A Suburban Response to Racial Violence


From Ferguson to Charleston to Baltimore, racial violence is alive and well in America. But as urban peacemakers seek solutions, it’s a mistake for white suburbanites to paint racial violence as a city problem. Or worst yet, a black one.

Racial violence doesn’t exist in the suburbs. Or does it?

As a white suburbanite, it’s difficult to know how to respond to the racial violence unfolding across America. Here in the suburbs, most of us don’t consider ourselves to be violent people. So, when we read headlines about police brutality and riots in the streets, we mentally line up on the side of peace and go about our business.

I’m not saying it’s right. It’s just the way it is.

Suburban living makes it easy to sidestep conversations about racial violence. As homogeneous, residential enclaves, the suburbs do a good job insulating us from the problems that plague urban centers.

While more and more people of color are moving out of the cities, suburban communities are highly segregated. Consider the disparities in the following statistics:

  • People of color represent 35% of the suburban population, roughly the same percentage as the overall U.S. population.
  • More than half of all racial groups in large metro areas (including blacks) now live in the suburbs.
  • Yet, in the suburbs, blacks and Hispanics with annual incomes over $75,000 live in areas with higher poverty rates than whites who make less than $40,000.

Physical incidents of racial violence are rare or nonexistent in white suburbs because racial diversity is a concept — not a lived reality.

But physical violence isn’t the only form of violence in America.

  1. Cultural violence tells us that it’s okay to use violence to solve conflicts. It’s the acceptance and glorification of violence in a way that dehumanizes other people and lets us slip into an “us vs. them” mindset, no questions asked.
  2. Structural violence is hard-wired into the systems and structures of our society. It feeds on the inequities that divide groups of people based on race, zip code, paycheck and other factors.

Look behind the white picket fence and you’ll find a breeding ground for structural and cultural violence. White suburbanites can’t escape the problem of racial violence because we play a role in causing it.

We’re not on the same page about the causes of racial violence

A recent Wall St. Journal/NBC News poll showed that 96% of U.S. adults believe we’re in for a summer of racial unrest and violent protests. But when asked to identify the root cause for  violence in the streets, blacks and whites have very different perspectives.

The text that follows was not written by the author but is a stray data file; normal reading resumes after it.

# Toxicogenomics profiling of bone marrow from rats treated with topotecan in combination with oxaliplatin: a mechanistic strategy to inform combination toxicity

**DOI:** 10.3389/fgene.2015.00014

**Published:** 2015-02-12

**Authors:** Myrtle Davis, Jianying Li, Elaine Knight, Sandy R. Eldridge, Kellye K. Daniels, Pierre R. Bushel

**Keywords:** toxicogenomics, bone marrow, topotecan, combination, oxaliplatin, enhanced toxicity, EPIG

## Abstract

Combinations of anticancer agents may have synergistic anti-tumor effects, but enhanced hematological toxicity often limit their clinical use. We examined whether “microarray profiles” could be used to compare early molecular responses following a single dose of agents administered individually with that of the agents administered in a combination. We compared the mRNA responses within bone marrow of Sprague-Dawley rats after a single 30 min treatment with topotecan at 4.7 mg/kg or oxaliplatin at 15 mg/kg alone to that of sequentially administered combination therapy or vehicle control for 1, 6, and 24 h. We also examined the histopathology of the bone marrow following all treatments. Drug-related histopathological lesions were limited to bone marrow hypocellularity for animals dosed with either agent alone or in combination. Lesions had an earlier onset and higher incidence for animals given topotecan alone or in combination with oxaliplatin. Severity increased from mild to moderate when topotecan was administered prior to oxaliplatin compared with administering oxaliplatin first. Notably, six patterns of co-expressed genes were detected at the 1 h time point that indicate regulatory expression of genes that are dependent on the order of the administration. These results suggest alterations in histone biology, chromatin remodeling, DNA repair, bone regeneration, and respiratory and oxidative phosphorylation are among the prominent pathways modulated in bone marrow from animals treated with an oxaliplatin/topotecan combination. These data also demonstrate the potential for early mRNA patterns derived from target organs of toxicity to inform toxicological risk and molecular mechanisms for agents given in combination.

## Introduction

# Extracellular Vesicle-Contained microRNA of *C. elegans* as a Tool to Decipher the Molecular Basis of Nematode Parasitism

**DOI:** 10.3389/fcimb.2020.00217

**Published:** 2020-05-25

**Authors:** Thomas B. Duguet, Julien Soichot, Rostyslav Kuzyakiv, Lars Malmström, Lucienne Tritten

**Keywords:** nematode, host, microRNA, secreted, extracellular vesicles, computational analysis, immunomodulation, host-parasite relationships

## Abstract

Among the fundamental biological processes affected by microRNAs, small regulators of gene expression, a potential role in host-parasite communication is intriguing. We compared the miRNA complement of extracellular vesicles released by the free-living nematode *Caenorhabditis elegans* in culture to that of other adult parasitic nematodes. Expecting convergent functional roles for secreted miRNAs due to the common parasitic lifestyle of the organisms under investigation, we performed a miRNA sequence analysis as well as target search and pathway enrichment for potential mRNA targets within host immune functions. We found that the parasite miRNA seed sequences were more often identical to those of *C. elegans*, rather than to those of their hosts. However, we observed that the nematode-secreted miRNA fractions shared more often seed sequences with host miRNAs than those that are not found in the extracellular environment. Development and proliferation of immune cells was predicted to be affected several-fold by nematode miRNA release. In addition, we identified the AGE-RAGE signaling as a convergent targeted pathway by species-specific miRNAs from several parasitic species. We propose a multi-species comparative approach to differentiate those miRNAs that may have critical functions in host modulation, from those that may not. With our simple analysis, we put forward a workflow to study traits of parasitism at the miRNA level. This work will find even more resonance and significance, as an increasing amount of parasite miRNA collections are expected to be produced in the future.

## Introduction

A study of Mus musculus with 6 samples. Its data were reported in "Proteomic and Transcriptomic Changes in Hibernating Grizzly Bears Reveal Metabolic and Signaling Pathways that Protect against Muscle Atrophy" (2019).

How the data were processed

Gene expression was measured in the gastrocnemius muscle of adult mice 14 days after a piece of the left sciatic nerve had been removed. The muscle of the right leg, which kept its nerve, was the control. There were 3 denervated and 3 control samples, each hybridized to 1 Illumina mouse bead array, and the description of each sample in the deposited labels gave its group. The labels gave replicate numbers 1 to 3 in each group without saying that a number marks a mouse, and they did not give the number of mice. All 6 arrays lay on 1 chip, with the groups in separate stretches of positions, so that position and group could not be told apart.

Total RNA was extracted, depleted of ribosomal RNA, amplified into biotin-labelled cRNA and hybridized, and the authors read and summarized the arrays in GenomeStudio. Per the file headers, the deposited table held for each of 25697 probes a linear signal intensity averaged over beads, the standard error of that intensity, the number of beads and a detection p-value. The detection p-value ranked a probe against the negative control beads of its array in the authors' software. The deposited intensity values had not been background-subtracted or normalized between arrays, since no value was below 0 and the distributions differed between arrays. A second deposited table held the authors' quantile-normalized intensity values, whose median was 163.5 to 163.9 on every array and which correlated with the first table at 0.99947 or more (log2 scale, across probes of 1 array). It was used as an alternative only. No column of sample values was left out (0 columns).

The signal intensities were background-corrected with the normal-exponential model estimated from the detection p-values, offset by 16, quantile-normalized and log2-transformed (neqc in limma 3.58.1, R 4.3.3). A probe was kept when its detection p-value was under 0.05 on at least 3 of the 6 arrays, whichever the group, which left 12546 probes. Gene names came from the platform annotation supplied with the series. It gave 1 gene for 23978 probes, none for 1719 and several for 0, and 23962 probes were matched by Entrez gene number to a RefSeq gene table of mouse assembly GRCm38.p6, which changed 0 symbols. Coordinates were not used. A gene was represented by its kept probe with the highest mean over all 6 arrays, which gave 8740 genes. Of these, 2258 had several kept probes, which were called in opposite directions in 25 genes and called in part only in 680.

• Among black respondents, 60% believe that rioting in Baltimore was the result of longstanding frustrations about police mistreatment in the black community, while 27% believed it was caused by individuals who used the Freddie Gray incident as an excuse to commit crime.
  • For white respondents, perceptions were reversed — 58% believed that looters were looking for an excuse to commit crimes, while 32% believed that longstanding frustrations were the cause of violent protests.

In general, white people and black people have had different experiences in America. And we’re not even close to being on the same page when it comes to our perceptions about the root causes of racial violence and violent responses to injustice.

3 ways to respond to racial violence

Ignoring violence isn’t an option for Christians. In the gospels, Jesus is portrayed as a walking billboard for nonviolent peacemaking. But the rest of scripture is rife with references about the urgency of responding to violence, too.

Maybe Psalm 34:14 sums up the Christian response best:

Turn from evil and do good; seek peace and pursue it.

Since neither violence nor passivity is spiritually acceptable, here are three ways that suburbanites can pursue peace and respond to racial violence:

1. Look inward.

Our first response to racial violence should be to examine the ways in which we participate in violence every day, including cultural and structural violence.

For example, while protesters were filling the streets of Baltimore last weekend, Floyd Mayweather and Manny Pacquiao were boxing for a record $300 million purse, largely bankrolled by white suburbanites who dropped $100 to watch the event on pay-per-view.

2. Listen outward.

Shallow people view the world exclusively through their own experience. Suburban white communities and urban black communities have experienced violence differently. As much as possible, filter out the media noise and — with an open heart — look for opportunities to truly listen to what people of color are saying.

3. Move forward.

Nonviolence is a direction, not a destination. Because of the structural and cultural dimensions, no one is completely violent or non-violent. We’re all on a path. But rather than sitting still, start taking small steps — in your words, your decisions, in your personal interactions — toward making nonviolence a more important part of your life.